Despite having passed two articles of impeachment against President Trump last week, House Speaker Nancy Pelosi has yet to submit them to the Senate so that they can begin a trial. Her excuse is that “the House cannot choose our impeachment managers until we know what sort of trial the Senate will conduct,” and that the articles need to be used as leverage to get favorable trial rules.
However, in an interview with CNN’s Brianna Keilar, House Democratic Chief Deputy Whip Dan Kildee (D-MI) stabbed Pelosi in the back by questioning the effectiveness of that strategy, stating the articles with “ultimately” be turned over.
“What leverage do you have if you’re saying, well, we’re going to turn them over anyway?” Keilar asked him.
“Well, I’m not sure how much leverage there is,” Kildee conceded.
“But doesn’t it seem as though — that the Constitution ought to be the leverage that Mitch McConnell would be concerned about? The Constitution says he has to conduct this trial.”
Kildee went on to add that if the Senate Majority leader Mitch McConnell (R-KY) “doesn’t feel any pressure to do the job in a way that the Constitution requires him to do, there is nothing we can do about that.”
“But I do accept the point,” the Michigan Democrat continued. “There’s limited leverage that we have as long as he’s willing to not do his job.”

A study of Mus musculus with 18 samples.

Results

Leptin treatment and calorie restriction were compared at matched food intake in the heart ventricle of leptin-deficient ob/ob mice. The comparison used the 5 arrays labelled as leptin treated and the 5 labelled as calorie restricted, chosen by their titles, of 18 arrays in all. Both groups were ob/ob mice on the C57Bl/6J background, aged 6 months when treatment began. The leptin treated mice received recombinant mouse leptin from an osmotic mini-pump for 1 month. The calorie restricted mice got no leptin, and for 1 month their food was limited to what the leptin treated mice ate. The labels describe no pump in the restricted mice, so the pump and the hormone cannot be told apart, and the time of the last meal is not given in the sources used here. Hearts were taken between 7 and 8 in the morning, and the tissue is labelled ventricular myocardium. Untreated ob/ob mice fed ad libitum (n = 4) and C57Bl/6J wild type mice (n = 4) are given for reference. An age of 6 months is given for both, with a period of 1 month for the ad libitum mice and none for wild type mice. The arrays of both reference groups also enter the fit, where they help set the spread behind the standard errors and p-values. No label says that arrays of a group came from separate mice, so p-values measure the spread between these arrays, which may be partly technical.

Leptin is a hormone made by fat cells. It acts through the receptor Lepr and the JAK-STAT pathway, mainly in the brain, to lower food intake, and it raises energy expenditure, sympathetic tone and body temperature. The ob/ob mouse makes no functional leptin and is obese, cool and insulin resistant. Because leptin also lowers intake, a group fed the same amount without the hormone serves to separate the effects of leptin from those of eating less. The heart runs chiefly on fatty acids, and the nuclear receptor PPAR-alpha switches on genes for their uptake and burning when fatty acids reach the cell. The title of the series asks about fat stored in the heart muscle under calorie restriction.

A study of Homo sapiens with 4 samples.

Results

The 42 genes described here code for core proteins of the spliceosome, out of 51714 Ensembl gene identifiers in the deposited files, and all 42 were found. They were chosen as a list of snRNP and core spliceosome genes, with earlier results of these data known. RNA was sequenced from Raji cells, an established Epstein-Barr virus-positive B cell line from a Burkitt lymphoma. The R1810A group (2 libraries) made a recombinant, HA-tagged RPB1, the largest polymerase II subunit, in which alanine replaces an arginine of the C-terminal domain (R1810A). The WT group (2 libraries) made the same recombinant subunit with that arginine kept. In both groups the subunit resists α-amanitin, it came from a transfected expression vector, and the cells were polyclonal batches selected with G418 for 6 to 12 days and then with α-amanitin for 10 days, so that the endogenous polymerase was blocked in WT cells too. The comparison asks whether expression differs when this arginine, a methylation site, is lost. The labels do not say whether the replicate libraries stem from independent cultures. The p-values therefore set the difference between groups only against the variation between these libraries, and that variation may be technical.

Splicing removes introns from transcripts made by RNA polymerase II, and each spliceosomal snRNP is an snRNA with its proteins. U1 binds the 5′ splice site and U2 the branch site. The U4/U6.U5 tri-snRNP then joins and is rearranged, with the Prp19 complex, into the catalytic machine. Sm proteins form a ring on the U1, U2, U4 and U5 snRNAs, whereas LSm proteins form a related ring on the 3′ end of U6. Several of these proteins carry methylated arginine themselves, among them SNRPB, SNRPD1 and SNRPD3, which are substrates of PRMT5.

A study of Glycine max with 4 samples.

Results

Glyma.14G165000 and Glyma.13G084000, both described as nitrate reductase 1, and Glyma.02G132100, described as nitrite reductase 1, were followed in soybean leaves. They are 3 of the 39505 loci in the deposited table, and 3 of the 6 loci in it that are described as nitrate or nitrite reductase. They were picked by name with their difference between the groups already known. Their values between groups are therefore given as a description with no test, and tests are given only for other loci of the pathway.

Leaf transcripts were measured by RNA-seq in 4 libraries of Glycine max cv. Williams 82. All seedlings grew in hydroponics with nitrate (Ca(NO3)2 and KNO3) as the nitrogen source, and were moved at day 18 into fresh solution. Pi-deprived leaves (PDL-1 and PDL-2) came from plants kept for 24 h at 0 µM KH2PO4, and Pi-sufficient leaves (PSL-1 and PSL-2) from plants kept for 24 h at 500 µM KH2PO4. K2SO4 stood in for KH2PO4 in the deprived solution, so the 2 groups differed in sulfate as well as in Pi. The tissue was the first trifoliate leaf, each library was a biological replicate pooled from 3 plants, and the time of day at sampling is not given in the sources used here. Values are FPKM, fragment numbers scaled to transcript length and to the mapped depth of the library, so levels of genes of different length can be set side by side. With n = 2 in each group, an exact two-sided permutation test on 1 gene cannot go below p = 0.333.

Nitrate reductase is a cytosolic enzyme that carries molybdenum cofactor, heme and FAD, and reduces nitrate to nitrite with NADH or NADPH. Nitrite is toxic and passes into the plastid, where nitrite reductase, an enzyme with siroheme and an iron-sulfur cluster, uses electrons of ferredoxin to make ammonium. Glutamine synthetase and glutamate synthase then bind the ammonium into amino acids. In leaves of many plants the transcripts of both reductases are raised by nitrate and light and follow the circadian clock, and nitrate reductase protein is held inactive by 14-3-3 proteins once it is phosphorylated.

However, while Pelosi has insisted that she is sitting on the articles in order to get “a fair trial,” Sen. Sheldon Whitehouse (D-RI) suggests that there was another benefit.
Whitehouse tweeted on Saturday that part of the reason why hanging onto them is “a good idea” is because it’s “driving Trump and the Republicans crazy.”
That certainly doesn’t fit with the Democratic narrative before the impeachment vote. Top figures within the party insisted that impeaching Trump was an urgent matter. House Judiciary Chairman Jerry Nadler declared on December 9 that “we cannot wait until the next election to address the threat.”
However, it seems that for Democrats, confronting whatever “threat” that was alleged to exist is now less of a priority than hassling their political rivals.